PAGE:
How to relocate a dock

The dock at its old location.

[right] Soon after we arrived at our camp for the first time in June 2004, we found out from Ed Szekeres, our neighbor to the south, that for many years our dock had in fact been located on a corner of his property. A subsequent property survey confirmed this, and I thought it best that we resolve this issue. Since the dock is a floating dock, I figured that it would be relatively straight forward to detach it from the old location and simply float it along the shore to a new location, about 125 feet away, and safely on our property. As fortune would have it, my bother-in-law Pat (yellow trunks) made a timely arrival and readily agreed to provide some greatly appreciated expertise and muscle. Pat has spent a considerable amount of time restoring his family's 100-acre southern Ohio farm and has a wealth of practical knowledge about real world homestead maintenance.

We float the dock

[left] The dock is now free from the shore and we are about to float it out into the lake. I have dug out around the end of the dock where it rests on the shore, and removed the chains and boulders which secured the dock to the shore. The dock is now more or less free, ready to be floated to its new location. Note the rope securing the far corner of the dock to the shore - it was a breezy day and we didn't want the dock to blow away up the lake! Our neighbor to the north, Ed Corrigan (green shirt), keeps a watchful eye on the activity.


[right] This was not exactly what you would call a warm day (I'd guess 65 degrees) without any real sun and with a brisk breeze blowing up the lake from the southwest (from the right side of the picture). Not visible in the picture is a rope secured to the outer upwind corner of the dock. Karen is minding the rope as we begin to walk the dock along the shore (I am not sure how she managed to stay warm in that bathing suit - even uncle Pat has put on a shirt for his dip in the lake).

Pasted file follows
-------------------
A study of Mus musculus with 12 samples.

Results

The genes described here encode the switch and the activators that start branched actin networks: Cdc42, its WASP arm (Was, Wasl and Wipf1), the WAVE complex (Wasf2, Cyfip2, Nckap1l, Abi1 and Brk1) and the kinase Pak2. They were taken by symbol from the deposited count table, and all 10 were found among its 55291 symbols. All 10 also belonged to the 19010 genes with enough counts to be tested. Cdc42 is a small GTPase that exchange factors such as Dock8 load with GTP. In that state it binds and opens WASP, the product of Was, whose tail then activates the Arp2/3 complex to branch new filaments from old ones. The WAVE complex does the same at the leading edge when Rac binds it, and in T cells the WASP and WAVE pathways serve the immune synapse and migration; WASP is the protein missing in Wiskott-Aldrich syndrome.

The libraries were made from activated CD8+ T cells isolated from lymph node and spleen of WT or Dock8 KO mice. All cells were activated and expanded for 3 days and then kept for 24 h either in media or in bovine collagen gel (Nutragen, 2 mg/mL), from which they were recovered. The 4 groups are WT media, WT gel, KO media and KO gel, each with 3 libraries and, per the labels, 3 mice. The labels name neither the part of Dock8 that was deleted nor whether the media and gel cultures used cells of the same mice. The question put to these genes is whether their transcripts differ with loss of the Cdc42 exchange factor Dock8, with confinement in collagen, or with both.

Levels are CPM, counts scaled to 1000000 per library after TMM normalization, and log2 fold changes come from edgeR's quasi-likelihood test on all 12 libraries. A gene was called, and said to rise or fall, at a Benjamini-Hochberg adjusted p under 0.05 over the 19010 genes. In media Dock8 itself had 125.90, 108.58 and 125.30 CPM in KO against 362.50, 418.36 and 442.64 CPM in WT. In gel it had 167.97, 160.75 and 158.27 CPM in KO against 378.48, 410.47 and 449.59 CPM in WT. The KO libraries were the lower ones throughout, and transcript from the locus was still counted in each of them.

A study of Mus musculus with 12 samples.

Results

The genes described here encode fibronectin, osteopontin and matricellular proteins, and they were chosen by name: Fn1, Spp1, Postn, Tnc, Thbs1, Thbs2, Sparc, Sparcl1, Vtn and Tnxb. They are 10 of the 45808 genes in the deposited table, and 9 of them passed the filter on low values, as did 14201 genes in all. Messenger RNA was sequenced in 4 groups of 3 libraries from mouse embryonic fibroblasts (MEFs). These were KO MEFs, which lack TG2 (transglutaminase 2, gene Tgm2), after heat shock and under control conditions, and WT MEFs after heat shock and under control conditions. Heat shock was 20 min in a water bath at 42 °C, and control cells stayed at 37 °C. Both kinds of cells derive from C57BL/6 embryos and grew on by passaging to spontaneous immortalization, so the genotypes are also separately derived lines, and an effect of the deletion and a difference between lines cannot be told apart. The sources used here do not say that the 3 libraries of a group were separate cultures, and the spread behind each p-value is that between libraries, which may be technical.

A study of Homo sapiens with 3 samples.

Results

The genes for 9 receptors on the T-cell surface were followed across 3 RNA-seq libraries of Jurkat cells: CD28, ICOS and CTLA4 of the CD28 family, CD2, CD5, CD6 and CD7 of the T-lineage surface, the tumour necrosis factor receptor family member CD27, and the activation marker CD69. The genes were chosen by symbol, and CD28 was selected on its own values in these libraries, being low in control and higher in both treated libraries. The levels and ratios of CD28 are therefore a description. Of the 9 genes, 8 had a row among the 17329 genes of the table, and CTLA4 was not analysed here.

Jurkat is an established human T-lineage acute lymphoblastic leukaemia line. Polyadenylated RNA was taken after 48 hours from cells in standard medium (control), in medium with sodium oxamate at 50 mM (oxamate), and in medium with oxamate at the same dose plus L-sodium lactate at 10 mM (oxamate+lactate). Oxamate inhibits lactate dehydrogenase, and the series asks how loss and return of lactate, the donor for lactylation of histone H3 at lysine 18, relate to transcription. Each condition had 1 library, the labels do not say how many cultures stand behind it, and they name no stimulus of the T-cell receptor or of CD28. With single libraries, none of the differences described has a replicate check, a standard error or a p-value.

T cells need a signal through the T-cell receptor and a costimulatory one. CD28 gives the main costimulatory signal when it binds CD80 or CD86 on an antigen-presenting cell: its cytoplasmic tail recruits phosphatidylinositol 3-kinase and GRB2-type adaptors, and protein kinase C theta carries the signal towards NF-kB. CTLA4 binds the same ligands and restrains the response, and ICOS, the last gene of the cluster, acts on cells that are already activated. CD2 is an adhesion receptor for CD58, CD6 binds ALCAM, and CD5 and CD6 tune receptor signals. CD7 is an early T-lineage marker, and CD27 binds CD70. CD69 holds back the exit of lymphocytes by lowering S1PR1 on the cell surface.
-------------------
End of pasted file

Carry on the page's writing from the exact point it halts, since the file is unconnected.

The lakebottom is very mucky here.

[left] Years of fallen trees and branches have made the lake bottom a mucky mess all along the shore. This is typical of the "messy" Adirondack ecoculture.

Approaching the new dock location.

[right] The dock is about to touch down at its new location. This was the site of a former dock from a older camp, now demolished. Under the surface we discovered an ancient crib which had supported the long vanished original dock. Before relocating the current dock, we spent a couple of days dismantling the old crib, and moving all the boulders up onto the shore. I was very concerned that we remove as much of the old crib as possible, especially the rusty metal rods that held it together, so that swimmers wouldn't have to worry about ripping open their feet or worse.

Too many cooks?

[left] There was some confusion when we actually "touched down", but everything was soon under control. This new location is a little shallower than the old location, so we had to splice two 8 foot pressure treated 2x8s to the walkway to extend the dock out into deeper water. I don't have any pictures of that aspect of the project

Ed Corrigan supervises.

[right] Ed Corrigan provided much appreciated advice and muscle. He was the builder the in its original location. Meanwhile, Karen is looking very demure in her gumboots.


[left] No comment really needed. Note the new decking to accommodate the added length of the walkway.